With a masterful artistic flair and a fascination of science, Ona Chan is the fourth generation Chinese Canadian with a passion for creative design. Influenced by travel and the blending of her Canadian upbringing, ancestral background and cultural heritage, the creative designer hosts a narrative of contemporary and eclectic pieces.
Born in Toronto, Chan’s Chinese family heritage and migration to Canada holds great fascination. Her Grandfather was one of the last groups of men who had head tax imposed on him due to the world wars and immigration policies. With both parents originally from Taishan in China, Chan’s mother met her Grandfather for the first time at the age of 22 and was not exposed directly to her families struggle. However, as time passed the designer grew increasingly curious about her heritage and the ever changing world issues- leaving a soft spot for immigrants deep within her soul.
With ideas marbling from her rich oriental heritage and travel, the skilled designer provides a dazzling insight into her inspirations and radiant world of cultural creativity. Encompassed with a hint of piquant from the far East, each design is masterfully crafted to host a unique sculptural feel, whilst embracing a timeless elegance through the intricate shape.
With a powerful admiration of both science and art, the opposing interests fuelled Chan’s desire to study History of Art and Architecture. Admiring industrial design and the works of Henry Moore, Paul Klee, Frank Lloyd Wright and Thonet, the skilled artist began collecting an assortment of abstruse home-wears and storing them in her mother’s basement;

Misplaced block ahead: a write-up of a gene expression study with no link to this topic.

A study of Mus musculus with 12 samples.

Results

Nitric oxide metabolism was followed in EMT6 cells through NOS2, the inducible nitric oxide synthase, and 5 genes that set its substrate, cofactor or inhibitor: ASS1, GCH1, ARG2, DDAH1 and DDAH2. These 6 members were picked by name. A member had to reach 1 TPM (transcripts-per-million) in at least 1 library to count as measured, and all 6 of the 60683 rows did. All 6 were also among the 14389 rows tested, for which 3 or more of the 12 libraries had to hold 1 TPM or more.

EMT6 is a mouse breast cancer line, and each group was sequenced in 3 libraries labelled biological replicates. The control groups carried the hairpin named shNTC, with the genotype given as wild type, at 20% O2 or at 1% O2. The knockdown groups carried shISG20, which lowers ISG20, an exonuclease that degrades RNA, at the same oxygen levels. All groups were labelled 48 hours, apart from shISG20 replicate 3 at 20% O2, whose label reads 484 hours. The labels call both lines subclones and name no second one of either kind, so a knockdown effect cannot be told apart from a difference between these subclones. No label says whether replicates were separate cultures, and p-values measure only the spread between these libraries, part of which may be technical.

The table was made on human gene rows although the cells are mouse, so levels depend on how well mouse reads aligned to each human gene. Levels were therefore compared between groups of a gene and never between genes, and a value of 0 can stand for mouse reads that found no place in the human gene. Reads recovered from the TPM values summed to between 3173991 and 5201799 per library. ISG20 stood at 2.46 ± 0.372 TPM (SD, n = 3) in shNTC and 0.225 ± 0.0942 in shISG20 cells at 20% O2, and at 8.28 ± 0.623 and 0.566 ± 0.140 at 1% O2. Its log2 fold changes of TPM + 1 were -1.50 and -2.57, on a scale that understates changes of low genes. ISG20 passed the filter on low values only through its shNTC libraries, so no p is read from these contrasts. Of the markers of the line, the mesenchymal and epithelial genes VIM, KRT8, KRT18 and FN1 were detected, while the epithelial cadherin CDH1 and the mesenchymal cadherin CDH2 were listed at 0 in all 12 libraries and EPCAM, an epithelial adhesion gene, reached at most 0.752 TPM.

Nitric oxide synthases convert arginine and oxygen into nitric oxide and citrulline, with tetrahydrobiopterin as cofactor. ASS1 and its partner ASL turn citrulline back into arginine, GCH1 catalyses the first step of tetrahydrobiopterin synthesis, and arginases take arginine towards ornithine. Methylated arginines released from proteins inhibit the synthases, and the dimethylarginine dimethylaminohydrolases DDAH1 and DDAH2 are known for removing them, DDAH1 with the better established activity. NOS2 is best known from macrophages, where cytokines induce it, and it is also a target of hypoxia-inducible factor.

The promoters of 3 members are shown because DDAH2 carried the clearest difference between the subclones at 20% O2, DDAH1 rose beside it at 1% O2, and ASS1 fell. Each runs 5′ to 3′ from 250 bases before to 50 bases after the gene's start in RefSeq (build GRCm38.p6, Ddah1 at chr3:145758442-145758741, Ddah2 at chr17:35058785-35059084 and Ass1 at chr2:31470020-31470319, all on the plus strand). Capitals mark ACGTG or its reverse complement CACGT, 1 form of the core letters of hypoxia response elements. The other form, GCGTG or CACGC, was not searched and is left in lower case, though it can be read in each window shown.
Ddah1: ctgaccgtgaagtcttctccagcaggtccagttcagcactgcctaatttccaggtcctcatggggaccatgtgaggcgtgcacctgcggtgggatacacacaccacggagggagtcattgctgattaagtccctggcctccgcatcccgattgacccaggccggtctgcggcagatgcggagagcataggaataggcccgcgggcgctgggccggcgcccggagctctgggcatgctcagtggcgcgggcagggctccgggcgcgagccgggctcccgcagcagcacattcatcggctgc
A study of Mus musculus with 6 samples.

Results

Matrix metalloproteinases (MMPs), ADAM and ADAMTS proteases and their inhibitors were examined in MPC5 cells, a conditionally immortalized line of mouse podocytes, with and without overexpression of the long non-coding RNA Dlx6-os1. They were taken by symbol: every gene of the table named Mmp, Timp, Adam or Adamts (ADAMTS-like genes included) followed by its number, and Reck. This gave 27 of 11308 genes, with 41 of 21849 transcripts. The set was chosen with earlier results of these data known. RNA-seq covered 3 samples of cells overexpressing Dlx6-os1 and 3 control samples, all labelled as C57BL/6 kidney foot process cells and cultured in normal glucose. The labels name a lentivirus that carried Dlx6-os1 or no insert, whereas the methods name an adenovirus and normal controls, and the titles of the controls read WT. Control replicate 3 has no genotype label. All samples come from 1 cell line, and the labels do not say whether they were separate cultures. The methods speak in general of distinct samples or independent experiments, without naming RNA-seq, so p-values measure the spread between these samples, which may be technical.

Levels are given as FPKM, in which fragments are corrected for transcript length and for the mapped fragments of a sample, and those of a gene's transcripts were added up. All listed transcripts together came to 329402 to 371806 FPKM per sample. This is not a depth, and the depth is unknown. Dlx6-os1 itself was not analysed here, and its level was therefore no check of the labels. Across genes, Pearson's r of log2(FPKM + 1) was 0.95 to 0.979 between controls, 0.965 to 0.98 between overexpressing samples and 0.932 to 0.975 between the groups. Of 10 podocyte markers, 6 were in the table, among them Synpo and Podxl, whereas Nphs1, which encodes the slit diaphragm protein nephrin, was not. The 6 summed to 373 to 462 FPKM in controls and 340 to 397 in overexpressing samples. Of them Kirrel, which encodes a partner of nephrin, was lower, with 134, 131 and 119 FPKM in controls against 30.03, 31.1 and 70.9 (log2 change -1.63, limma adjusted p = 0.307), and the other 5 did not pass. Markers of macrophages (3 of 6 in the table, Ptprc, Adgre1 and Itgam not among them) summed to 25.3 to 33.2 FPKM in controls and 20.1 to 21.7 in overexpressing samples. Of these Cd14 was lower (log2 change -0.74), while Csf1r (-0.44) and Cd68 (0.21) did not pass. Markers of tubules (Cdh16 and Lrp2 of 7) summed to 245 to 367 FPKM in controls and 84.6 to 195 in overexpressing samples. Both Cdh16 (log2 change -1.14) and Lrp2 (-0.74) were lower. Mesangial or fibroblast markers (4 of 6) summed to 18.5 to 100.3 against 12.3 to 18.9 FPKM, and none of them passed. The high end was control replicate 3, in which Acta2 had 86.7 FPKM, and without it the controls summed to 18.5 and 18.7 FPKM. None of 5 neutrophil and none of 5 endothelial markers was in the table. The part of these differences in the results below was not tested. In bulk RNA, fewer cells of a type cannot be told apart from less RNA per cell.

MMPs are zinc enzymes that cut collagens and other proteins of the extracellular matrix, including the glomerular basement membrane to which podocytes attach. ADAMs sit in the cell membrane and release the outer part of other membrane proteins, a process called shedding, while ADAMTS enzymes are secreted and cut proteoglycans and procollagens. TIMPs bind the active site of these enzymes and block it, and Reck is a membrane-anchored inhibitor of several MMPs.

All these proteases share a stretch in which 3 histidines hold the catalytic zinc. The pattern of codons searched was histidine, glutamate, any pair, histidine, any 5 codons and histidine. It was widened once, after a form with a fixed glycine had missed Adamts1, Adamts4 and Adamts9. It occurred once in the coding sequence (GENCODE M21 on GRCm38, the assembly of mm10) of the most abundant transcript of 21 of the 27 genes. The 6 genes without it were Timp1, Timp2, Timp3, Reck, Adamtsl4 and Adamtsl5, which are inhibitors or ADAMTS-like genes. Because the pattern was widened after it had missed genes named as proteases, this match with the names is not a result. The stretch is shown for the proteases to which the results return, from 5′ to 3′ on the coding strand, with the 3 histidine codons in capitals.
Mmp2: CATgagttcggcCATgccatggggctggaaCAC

“Once, I found set of mid-century bentwood chairs when I was about 20 at a flea market and left them with my Mom. Soon after, I begin to travel and when I returned a year later she had sold them at a garage sale. I’m still looking for them.”
Storing an array of specialised items, the designer claims she is a “select hoarder”. Preserving scraps of paper or material that may be up to 15 years old, safeguarding them mentally and physically until a creative epiphany prevails, and she then makes the piece physical.
Ona Chan | Lattice Cocktail Ring – Malachite | Large Dagger Collar
Captivated by the fine intricacy embedded within jewellery and furniture design, Chan strives to deconstruct objects in order to simplify them down to their basic form, believing “there is grace and sophistication in simplicity”. With reference to her alluring “Mantra” collection, the skilled artist sought inspiration from an ornate ceremonial dagger, later removing all the carvings, the designer saw the piece as a simple line and transformed it into the uber-stylish Dagger Collar.
Using her scientific flair, the creative designer likes to test different materials for different reasons. Initially adopting silver, Ona now opts for Rhodium and an assortment of different semi-precious stones and natural stones. Led by her curiosity and willingness to experiment, Chan hopes one day to expand her chosen materials to involve enamel and wood in the future.
Through the manipulation process of handmade, the Chinese Canadian designer believes artisan is a unique method for creatives to expresses their viewpoints. Commenting on her sculptural production process, Chan elaborates on the importance of artisan within her designs;
“My expression comes in the form of jewellery. For me it’s come from combining sculpting and function. I have a strong instinctive feeling to create and it’s gratifying to know that my work has beauty. I want to make jewellery that people look at and they see beauty.”
Transforming the ornate into its simplest form and re-visualising it into a beautiful functional piece, Ona Chan revolutionises the meaning of deconstruction. When questioned how she wants the wearer of her designs to feel, the talented designer emphatically states;
“I want them to feel beauty.”
With special thanks to Ona Chan, for her insightful words and artistic inspirations.